Vines are the wild animals of a landscape. They want to be all over the place, restricting their neighbors and generally causing trouble. Gardening lattice and trellis says to them, "Stand up and behave yourself." They are available in wood, vinyl, wrought iron, aluminum and even string. Each has its benefits and drawbacks.
Matching a Plant To a Trellis
Vines that climb by twining or by latching on with tendrils require some sort of trellis for support. The trellis material should be based on the specific plant it will support. Wisteria can break a wooden trellis in two, and it's even been found to bend some metal. Vines also grow to be different lengths. Choose a vine that grows too big and you'll have to prune it daily to keep it on your trellis. Choose one that's too small and your trellis will look naked.
A plant's lifespan could play a big part in how much you invest in a trellis. Climbing beans, Moon Flowers and many tropical vines are annuals. They don't require a trellis that holds up longer than a year, so bamboo would work. Evergreen vines and perennials like the Lady Banks Rose should have something sturdy enough to last for years.
The Lifespan of a Trellis
Trellis materials weather differently, and your geographical location could impact that greatly. Those who want a tough, long-lasting trellis might go for wrought iron. If you live near the beach, aluminum, vinyl or wood would be preferable to avoid rust. If your garden is in a damp shaded area, vinyl can grow unattractive mold and mildew, so you should select something else. The bottom line is that the trellis that looks great in the store may be an eyesore in your climate.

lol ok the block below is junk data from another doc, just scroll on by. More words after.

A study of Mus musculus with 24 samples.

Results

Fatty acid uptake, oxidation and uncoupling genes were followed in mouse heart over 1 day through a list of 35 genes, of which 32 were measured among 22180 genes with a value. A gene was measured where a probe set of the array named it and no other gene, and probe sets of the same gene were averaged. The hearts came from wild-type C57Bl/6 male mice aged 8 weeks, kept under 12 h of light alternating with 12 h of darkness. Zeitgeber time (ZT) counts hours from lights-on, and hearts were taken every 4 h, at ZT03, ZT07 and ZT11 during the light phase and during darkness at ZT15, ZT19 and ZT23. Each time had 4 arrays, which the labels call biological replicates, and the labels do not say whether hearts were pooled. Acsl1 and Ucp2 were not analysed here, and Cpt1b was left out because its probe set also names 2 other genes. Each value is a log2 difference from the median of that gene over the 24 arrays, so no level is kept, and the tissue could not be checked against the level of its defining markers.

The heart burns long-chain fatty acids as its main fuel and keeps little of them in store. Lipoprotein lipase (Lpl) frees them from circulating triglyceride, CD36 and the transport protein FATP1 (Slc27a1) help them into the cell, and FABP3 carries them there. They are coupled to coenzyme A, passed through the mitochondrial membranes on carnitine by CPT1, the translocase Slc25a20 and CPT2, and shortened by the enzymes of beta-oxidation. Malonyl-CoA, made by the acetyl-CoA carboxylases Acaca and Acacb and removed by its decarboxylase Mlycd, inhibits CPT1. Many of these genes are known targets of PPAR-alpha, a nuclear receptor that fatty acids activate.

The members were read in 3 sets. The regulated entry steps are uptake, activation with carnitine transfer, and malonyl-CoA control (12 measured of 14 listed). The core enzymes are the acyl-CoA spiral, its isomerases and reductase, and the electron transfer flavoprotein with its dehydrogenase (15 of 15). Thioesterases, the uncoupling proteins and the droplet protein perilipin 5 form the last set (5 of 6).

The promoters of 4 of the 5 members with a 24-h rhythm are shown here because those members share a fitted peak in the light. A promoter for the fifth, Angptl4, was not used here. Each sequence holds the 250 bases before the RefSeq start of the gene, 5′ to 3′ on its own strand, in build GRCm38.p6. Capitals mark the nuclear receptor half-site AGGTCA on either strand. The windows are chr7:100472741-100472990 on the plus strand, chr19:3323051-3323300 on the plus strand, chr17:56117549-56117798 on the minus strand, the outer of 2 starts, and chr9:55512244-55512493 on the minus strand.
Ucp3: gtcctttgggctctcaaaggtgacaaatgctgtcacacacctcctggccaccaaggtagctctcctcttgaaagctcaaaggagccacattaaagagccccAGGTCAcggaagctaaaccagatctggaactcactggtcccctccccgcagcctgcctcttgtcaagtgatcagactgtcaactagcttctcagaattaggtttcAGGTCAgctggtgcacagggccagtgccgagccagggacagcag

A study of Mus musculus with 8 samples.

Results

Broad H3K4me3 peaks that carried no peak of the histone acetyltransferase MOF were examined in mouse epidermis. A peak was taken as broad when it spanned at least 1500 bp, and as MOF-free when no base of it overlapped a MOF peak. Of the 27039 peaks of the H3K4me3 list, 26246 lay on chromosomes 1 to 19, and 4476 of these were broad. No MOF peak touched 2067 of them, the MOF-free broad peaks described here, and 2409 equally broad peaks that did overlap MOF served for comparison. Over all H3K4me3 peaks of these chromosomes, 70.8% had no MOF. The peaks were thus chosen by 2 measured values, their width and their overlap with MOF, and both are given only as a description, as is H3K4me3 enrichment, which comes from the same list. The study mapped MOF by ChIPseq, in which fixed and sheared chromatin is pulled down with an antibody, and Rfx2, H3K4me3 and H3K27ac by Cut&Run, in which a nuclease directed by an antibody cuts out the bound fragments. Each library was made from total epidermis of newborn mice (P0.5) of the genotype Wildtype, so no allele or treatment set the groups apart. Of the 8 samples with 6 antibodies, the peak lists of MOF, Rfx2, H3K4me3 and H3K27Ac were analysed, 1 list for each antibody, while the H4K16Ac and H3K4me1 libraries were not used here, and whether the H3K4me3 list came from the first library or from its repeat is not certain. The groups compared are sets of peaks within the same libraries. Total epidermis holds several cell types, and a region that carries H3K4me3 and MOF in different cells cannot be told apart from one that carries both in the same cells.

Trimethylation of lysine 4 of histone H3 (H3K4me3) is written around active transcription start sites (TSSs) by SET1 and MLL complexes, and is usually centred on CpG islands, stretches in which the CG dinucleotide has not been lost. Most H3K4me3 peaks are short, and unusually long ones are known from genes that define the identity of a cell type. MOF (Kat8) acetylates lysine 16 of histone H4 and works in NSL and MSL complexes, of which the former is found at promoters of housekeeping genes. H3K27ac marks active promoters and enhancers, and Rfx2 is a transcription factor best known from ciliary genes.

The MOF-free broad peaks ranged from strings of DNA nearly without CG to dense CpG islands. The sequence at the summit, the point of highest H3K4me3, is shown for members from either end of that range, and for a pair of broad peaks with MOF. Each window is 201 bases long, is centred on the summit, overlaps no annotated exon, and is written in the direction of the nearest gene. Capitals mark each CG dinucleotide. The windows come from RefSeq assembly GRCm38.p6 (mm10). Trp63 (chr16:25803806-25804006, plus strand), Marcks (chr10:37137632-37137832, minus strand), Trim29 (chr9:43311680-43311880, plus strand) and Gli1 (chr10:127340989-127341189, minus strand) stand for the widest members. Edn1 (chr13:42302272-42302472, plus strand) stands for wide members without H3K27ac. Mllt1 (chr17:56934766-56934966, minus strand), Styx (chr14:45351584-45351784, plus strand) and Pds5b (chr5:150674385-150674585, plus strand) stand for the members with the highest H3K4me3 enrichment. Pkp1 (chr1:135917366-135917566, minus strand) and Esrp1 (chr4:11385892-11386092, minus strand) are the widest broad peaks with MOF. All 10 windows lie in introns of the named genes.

A garden's aesthetic will determine the style of trellis you choose. Lattice, a crisscross design typically found in wood or vinyl, has a cottage feel. Lots of intricate scroll work has a romantic quality. Whether your style is old-fashioned or modern, your trellis should coordinate.
If you're unsure about your garden's style, look at your home and furniture. Is it Mission style or Asian? Is your house contemporary or do you live in a log cabin? A trellis is just like a lamp or sofa. You want it to integrate well with your other pieces.
Breaking With Convention
Many people choose found objects and turn them into trellises. A small dead tree can be painted and used to support Clematis. Ladders are also quite commonly used. The next time you're walking through a flea market, consider old road signs, chairs and lamp posts. Your garden will be original and filled with personality.
Use Caution To Avoid Invasive Vines
Plants have a way of being passed from person to person. Unfortunately, they don't always come with detailed information on their growth habits. Many vines are invasive and will quickly overstep the boundaries that your trellis so neatly sets. According to Invasive.org, there are over 100 species of invasive vines in North America. Do your best to identify a plant before allowing it to take hold in your yard.